The Australian Institute of Marine Science caught an unnamed midnight snapper in 2016. Recently the 81-year-old fish, which was found off the coast of Western Australia, has been revealed as the oldest tropical reef fish known to science.
The discovery was added in a new study, which is dedicated to finding out how changing ocean temperatures might affect the biology of the marine species. Dr. Brett Taylor, a fish biologist at the institute and the lead author of the study said that he may have used "some colorful language" when he realized the snapper specimen was 20 years older than the previous record for a tropical reef fish – a rockfish from the Caribbean. "The first thing I did was email my co-authors from Western Australia fisheries...am I seeing this right?" he added.
Along with the colleagues, Taylor aged the fish by examining small ear bones, known as otoliths that never stop growing and have visible bands like the rings of a tree. In the study, the researchers examined the ages of the marine species, which are red bass (Lutjanus bohar), midnight snapper (Macolor macularis), and black and white snapper (Macolor niger).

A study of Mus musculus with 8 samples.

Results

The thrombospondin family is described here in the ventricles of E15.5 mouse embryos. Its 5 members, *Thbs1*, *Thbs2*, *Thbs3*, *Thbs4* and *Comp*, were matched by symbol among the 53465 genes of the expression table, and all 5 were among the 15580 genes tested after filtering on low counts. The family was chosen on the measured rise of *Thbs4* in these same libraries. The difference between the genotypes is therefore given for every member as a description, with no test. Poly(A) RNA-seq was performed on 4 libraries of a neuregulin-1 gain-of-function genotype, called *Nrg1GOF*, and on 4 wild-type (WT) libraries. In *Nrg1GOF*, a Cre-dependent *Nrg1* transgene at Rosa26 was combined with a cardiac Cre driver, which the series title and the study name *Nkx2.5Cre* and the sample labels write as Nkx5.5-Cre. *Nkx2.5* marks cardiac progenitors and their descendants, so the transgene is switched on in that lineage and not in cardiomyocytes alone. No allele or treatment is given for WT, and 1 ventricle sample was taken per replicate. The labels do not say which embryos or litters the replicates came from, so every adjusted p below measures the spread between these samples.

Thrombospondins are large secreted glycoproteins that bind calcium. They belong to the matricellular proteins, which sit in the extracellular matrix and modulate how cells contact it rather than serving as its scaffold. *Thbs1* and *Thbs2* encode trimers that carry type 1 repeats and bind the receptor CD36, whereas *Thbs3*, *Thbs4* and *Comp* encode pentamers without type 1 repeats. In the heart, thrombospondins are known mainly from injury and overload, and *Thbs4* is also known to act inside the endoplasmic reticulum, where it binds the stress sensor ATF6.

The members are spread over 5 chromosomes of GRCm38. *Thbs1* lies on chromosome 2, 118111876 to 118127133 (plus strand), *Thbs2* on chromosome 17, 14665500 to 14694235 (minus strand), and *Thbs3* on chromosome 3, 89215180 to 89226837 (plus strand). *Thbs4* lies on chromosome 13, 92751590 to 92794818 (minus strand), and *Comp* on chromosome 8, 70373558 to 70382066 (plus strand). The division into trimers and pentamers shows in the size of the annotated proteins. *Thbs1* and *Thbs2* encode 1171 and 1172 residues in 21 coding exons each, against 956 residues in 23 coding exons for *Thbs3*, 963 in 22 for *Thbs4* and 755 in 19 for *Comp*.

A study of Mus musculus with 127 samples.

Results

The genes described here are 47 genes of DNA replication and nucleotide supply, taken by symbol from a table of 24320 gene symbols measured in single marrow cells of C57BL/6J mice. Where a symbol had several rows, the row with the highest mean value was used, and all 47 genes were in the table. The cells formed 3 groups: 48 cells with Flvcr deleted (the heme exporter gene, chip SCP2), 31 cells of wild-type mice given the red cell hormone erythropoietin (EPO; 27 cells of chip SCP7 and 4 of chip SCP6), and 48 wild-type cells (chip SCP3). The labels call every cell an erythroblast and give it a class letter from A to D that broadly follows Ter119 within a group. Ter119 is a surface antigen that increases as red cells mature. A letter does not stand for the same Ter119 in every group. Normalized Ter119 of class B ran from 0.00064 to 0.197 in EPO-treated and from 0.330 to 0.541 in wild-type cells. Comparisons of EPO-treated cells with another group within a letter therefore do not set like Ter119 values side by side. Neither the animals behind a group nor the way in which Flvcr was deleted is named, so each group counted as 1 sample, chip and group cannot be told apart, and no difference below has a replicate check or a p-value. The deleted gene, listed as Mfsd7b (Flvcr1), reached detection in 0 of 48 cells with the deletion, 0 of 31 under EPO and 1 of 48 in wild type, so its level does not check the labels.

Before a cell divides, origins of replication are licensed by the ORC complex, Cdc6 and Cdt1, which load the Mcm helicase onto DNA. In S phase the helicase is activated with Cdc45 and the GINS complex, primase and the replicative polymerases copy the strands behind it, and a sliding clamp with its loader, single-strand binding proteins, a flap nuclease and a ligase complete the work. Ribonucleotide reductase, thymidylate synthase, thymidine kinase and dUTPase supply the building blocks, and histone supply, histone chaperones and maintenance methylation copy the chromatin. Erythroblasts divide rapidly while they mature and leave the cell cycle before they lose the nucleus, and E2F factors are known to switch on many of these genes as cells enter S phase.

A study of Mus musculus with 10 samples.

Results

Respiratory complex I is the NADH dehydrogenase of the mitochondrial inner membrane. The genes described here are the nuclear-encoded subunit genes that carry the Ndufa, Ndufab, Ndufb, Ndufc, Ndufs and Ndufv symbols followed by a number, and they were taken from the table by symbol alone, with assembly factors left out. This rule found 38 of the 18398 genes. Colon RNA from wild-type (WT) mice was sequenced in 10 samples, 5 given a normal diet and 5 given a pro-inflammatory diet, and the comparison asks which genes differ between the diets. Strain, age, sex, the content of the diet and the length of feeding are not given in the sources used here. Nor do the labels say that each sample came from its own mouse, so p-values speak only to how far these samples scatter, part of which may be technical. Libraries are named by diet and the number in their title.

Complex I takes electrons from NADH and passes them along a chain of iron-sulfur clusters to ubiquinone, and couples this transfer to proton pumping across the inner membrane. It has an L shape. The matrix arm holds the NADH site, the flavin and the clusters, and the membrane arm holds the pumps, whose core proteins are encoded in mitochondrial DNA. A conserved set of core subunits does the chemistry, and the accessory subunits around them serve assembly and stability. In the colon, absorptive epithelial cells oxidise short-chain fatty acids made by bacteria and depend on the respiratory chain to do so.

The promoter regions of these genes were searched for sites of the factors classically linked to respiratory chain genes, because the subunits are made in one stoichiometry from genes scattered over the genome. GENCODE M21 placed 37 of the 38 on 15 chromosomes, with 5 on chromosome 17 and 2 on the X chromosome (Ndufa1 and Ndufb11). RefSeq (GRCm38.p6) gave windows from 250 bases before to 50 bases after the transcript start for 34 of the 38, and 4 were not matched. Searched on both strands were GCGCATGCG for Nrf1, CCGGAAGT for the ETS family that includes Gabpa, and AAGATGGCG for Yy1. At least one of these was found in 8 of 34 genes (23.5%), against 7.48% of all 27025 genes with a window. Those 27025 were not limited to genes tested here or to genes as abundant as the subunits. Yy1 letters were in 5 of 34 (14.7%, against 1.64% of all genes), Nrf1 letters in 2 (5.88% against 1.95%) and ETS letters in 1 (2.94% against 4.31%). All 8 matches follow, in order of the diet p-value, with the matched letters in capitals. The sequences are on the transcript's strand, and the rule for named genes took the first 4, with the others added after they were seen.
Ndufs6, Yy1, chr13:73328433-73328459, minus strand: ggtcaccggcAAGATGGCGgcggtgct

Dr. Stephen Newman, from the WA Department of Primary Industries and Regional Development, said that snappers-- a family of perciform fish, Lutjanidae—"make up a large component of commercial fisheries in tropical Australia and they're also a key target for recreational fishers". According to him, such long-lived fish were considered more vulnerable to fishing pressure.
Taylor said that a lot of these snapper species which are commercially harvested are from 40 to 60 years old that people have been buying. He also noted that he had separately analyzed ocean temperatures in the tropical Indian ocean where the oldest snapper and red bass, were caught—the latter one was a 79-year-old fish which was found in 1997.
Climate and the Ocean
"We talk about climate change being something in the future, but these 80-year-old fish saw a tremendous uptake of temperature [in the ocean] in their life spans," Taylor added.
According to him, as world seas get warmer, the lifespan and the growth of the fish would change and it is very important to understand as many economies, as well as communities, rely on fishing. Taylor explained that the main point here is to understand how temperate affects the growth and the lifespan of these species.
"By 2100, I don't think we will have any more 80-year-old midnight snappers", he said adding that "these locations will warm to a point that based on current models it will have an impact on their biology".